The technology outsourcing business in India is expected to boom despite global job cuts in the information-technology industry.

The international consulting group Gartner says India will continue to witness huge growth in technology outsourcing, despite an outcry in countries such as Britain and the United States about job losses.

In recent years, scores of multi-national corporations have moved software development and back-office work to developing countries such as India. That has prompted huge protests from labor unions in Britain and proposals to ban outsourcing in the United States.

But in its latest predictions for the IT industry for 2004, the Gartner group says the process of moving jobs from the developed world to countries like India is irreversible. "Overwhelmingly, companies are moving ahead with their plans regardless of the backlash, it is just too compelling an opportunity for them with the cost pressures they are under, profitability pressures they are under," said Gartner vice president Partha Iyengar.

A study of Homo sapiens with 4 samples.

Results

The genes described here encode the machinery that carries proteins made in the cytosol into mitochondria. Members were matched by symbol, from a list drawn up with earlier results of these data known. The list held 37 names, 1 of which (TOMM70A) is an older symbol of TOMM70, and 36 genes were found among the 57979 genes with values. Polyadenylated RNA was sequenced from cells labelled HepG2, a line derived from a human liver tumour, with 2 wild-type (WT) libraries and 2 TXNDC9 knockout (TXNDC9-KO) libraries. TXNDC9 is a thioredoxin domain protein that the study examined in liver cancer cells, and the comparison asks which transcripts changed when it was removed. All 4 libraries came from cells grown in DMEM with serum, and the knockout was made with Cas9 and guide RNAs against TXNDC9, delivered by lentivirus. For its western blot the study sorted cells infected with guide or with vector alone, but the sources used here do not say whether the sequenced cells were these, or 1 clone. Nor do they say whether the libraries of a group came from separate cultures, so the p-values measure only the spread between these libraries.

The outsourcing business took off in India when multi-nationals started moving work, such as help calls to payroll and insurance claims, to Indian cities. This year, outsourcing services accounted for $14 billion in India and is expected to quadruple in the next few years.

But Partha Iyengar said the area of what is called IT services is growing more rapidly. "IT services space, which is really where all of the current success of India is, is when companies want to develop new application systems or applications for internal use whether it is to handle their business systems, shipping systems or client relationship management systems etc," he said. "A lot of that development activity has been outsourced to India."

As result, nearly 20 percent of jobs in information-technology services are expected to move from developed countries to developing ones.

Not only is India known for the skill of its computer and software engineers, but the average professional wage is less than one-quarter of what it is in the developed world.

India's outsourcing sector grew by about 60 percent in the past financial year and is expected to grow at nearly the same pace this year. The sector accounts for about 20 percent of India's foreign exchange earnings.